Ireland has produced some hot app success stories of late, with children as young as seven creating apps and getting noticed on the global digital stage. Microsoft is getting in on app act, as it wants to make Ireland a hotbed for app development by launching a gaming competition for second-level students in Ireland.
The challenge, issued by Microsoft Ireland as part of the Smart Futures campaign, will mean secondary school students can opt to enter the competition to design and develop an app.
The winner will receive a new Nokia Lumia 800 running Windows phone 7 OS and a one-week work placement in Microsoft’s Xbox Games studio.
Smart Futures itself launched today a national careers campaign and website for second-level students in Ireland. Its aim is to highlight the diverse opportunities for young people in the technology sector.
Calling serious young gamers
For the Games category sponsored by Microsoft, students are being asked to build a Microsoft Windows Phone 7 game around the Smart Futures theme.
- Students will be given an access code to download free software to develop their games through Microsoft’s DreamSpark programme.
- For those who don’t own a Windows Phone 7 – Microsoft will provide a software phone emulator to test and play the game.
Paul Rellis, managing director, Microsoft Ireland, spoke today about how it is paramount that students are encouraged to embrace technology.
He said the technology sector will be a “key” part of Ireland’s recovery strategy and future economic growth.
“There is no end to the possibilities in this area and students should be encouraged at a young age to constantly challenge themselves and embrace new technologies,” said Rellis.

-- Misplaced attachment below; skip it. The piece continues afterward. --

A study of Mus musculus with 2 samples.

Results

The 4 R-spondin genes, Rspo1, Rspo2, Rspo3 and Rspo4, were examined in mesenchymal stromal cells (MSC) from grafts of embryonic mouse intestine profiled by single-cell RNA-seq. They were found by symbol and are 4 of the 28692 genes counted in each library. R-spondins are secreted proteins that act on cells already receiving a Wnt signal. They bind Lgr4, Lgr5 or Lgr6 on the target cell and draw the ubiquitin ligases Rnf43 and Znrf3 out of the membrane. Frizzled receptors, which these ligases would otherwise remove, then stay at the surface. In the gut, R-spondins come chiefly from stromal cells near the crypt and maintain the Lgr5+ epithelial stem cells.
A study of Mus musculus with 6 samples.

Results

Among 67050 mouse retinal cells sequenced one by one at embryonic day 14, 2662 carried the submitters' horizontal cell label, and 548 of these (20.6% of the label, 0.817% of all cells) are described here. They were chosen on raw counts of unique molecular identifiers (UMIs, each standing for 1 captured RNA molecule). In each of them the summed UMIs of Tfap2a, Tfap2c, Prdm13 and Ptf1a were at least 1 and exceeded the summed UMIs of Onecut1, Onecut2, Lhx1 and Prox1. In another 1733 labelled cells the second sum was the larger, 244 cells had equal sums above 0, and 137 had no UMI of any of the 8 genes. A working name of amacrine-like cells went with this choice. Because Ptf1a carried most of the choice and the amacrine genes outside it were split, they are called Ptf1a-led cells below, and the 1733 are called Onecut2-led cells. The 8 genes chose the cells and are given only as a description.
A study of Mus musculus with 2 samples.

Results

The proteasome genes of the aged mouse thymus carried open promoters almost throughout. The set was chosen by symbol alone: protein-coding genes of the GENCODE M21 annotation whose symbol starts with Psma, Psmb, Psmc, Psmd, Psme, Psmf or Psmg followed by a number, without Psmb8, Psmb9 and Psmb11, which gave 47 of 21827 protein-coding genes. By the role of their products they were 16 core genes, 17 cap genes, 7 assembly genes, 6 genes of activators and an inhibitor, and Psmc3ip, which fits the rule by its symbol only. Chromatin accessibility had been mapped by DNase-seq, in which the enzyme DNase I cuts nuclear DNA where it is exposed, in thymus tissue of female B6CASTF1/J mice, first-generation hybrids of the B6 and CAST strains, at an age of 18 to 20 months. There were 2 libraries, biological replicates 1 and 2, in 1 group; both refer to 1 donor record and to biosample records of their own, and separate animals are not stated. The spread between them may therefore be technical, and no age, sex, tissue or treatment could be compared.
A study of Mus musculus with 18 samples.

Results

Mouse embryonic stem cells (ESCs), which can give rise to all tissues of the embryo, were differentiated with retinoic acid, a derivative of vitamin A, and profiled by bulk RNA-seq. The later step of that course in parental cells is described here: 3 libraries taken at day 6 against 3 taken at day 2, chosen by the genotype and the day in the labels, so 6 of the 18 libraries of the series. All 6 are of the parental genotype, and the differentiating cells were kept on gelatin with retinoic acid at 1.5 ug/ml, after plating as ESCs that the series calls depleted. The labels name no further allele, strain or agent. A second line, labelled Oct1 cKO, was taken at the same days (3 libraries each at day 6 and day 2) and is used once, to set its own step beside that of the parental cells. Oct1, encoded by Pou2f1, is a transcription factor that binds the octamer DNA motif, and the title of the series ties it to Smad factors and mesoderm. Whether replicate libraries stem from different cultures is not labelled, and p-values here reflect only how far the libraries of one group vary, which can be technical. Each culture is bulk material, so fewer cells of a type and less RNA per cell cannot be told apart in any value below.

Coder Dojo movement in Ireland
The Coder Dojo movement in Ireland created by 19-year-old entrepreneur and programmer James Whelton from Cork and tech entrepreneur Bill Liao is another example of how students are being encouraged to learn all about computer programming and began as a Saturday morning club for kids to teach each other software programming and app development.
Since Coder Dojo was created this summer, it has spawned into a national movement. Kids and their parents can go and learn to write software code in a friendly environment. The first UK Coder Dojo was held in London a few weeks ago.
Examples of computer programming prodigies in Ireland include 12-year-old Harry Moran, who recently emerged as the world’s youngest Mac app publisher and when his game PizzaBot was published in the Mac App Store. It shot to the top of the charts – scattering Angry Birds and outflanking Call of Duty.
Another example of a young app developer is 11-year-old computing prodigy Shane Curran. At the age of six, Curran did his first Linux install. At age 7, he learned how to programme in Visual Basic and built a simple web browser that he made available on the web for download. Since then, he has learned how to programme in multiple languages, such as PHP, C, C++, Java, Python, Ruby, Perl and Bash.